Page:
Two Labour MPs have submitted a motion of no confidence in their leader Jeremy Corbyn for failing to give party voters a clear message on the EU referendum.
Dame Margaret Hodge and Ann Coffey confirmed the move in a letter to the Parliamentary Labour Party chairman.
The motion has no formal constitutional force but calls for a discussion at their next PLP meeting on Monday.
The chairman will decide whether it is debated. If accepted, a secret ballot of Labour MPs could be held on Tuesday.
By early Friday evening, seven other Labour MPs were on record as backing the motion.
Asked if he will resign, Mr Corbyn, who campaigned on the losing Remain side, said: "No, I'm carrying on.
"I'm making the case for unity, I'm making the case of what Labour can offer to Britain, of decent housing for people, of good secure jobs for people, of trade with Europe and of course with other parts of the world.
"Because if we don't get the trade issue right, we've got a real problem in this country," he told Channel 4 News.
Labour's shadow cabinet met for nearly three hours this morning and there were no explicit calls for the leader's resignation.
But there was sustained criticism of the way Jeremy Corbyn had conducted the referendum campaign and what was seen as his failure to address concerns about immigration, and one source insisted: "He was not enjoying the confidence of the room."
Shadow chancellor John McDonnell dismissed the motion of no confidence, saying Mr Corbyn had a mandate to lead the party and predicted that even if Labour MPs forced a fresh leadership election, party members and supporters would back Mr Corbyn again.
Mr Corbyn's critics accused him of being half-hearted in calling for Labour voters to unite behind Remain.
Dame Margaret Hodge said Mr Corbyn should resign because the EU referendum had been a "test of leadership" that he had "failed".
This left Labour voters "not getting a clear message", she added.
Dame Margaret is the MP for Barking and the former chairwoman of the Commons Public Accounts Committee. Ms Coffey is the MP for Stockport.
Mr McDonnell denied that Mr Corbyn was responsible for the vote to leave the EU, and added that a general election looked likely before the end of the year, because a new Conservative leader would want to seek a mandate.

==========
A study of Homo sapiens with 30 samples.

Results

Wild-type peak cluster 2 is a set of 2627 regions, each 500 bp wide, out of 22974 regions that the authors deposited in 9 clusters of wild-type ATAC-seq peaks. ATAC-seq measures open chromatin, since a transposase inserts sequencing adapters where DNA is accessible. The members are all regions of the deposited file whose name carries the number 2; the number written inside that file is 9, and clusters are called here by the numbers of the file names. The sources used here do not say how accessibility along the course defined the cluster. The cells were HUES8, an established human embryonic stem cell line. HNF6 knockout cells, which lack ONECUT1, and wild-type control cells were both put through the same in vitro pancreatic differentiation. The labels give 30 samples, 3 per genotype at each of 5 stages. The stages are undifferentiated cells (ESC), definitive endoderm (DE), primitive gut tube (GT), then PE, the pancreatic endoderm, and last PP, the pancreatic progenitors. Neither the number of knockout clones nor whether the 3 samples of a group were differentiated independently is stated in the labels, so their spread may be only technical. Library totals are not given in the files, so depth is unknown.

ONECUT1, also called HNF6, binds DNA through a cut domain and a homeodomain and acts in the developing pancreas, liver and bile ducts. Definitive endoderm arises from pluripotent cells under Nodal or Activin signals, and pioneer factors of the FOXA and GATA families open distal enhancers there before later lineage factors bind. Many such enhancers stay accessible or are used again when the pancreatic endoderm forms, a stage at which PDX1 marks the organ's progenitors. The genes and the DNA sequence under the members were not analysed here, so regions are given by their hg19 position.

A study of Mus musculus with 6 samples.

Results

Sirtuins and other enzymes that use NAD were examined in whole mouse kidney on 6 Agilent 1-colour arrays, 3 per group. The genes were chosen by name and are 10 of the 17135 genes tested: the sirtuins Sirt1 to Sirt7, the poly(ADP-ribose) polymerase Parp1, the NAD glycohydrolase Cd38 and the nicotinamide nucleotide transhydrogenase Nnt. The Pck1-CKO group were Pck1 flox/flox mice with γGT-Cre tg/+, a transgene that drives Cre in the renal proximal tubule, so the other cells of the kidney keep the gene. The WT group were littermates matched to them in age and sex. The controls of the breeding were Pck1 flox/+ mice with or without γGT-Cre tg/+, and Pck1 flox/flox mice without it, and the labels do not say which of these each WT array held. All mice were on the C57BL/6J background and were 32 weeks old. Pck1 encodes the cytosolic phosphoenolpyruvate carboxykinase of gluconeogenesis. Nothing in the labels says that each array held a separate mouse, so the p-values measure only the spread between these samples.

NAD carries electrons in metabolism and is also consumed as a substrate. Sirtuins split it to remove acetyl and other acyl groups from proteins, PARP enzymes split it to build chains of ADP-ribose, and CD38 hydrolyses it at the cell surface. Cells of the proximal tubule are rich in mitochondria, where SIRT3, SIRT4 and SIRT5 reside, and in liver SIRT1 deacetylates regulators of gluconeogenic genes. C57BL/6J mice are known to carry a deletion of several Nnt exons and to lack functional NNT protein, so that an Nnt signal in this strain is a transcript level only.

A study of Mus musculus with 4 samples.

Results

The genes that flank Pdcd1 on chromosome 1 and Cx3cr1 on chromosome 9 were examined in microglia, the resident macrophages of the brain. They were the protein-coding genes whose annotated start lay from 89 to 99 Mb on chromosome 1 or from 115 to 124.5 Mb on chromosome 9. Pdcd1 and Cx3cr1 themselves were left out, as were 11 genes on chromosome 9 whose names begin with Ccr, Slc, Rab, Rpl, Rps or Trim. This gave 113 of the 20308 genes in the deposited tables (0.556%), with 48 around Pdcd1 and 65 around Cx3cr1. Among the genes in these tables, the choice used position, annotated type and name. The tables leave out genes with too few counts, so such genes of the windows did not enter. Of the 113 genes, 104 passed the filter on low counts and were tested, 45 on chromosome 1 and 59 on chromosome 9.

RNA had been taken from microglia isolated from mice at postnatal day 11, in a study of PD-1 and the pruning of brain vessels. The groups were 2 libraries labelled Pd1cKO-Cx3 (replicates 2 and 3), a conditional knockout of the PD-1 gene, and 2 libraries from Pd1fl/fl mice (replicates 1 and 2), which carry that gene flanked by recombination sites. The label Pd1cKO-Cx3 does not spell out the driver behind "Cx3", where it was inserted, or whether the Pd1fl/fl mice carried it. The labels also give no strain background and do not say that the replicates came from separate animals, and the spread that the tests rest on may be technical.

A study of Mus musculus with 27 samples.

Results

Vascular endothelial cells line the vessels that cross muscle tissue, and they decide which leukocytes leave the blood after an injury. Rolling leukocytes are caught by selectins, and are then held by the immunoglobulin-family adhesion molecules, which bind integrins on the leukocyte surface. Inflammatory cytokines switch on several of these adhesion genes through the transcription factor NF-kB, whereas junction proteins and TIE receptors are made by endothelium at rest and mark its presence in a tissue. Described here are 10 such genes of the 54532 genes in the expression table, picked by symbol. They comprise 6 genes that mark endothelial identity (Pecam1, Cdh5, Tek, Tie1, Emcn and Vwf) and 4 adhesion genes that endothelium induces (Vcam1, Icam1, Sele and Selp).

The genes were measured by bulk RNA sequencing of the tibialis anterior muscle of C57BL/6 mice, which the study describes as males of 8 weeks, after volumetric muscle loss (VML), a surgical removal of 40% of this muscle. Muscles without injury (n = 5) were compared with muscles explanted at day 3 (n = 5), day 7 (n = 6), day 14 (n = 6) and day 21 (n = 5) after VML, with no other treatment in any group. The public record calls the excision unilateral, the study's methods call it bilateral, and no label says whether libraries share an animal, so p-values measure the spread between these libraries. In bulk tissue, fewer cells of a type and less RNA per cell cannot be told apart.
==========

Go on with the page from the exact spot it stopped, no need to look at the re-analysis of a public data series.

Former shadow chancellor Chris Leslie said there were "failures" in Labour's campaign, saying he would need "an awful lot of persuading to have confidence in Jeremy's leadership into a general election", while former minister Ben Bradshaw said he would support the no confidence motion.
Labour MP Stephen Kinnock has also come out in support of the motion, accusing Mr Corbyn of a "lacklustre" campaign.
However, an online petition on the website of campaign organisation 38 Degrees calling for "a vote of confidence in Jeremy Corbyn after Brexit" has attracted over 90,000 signatures.
And in a joint statement, union leaders have backed Mr Corbyn to continue as leader, saying the "last thing Labour needs is a manufactured leadership row of its own".
They called for Labour to "unite as a source of national stability" and challenge any attempt to use the referendum result to "introduce a more right-wing Conservative government by the backdoor".
In a leaked briefing note, Labour had told its MPs to say the party "best placed" to re-unite the country following the UK's decision to leave the EU.
The briefing note said Mr Corbyn was "uniquely placed" because he understood why many people had voted to leave.
Mr Corbyn won an overwhelming victory in last year's Labour leadership contest, but did not have the backing of most MPs.
The leader was expected to appear at Glastonbury Festival this weekend, but organisers say he has pulled out in the wake of the EU referendum result.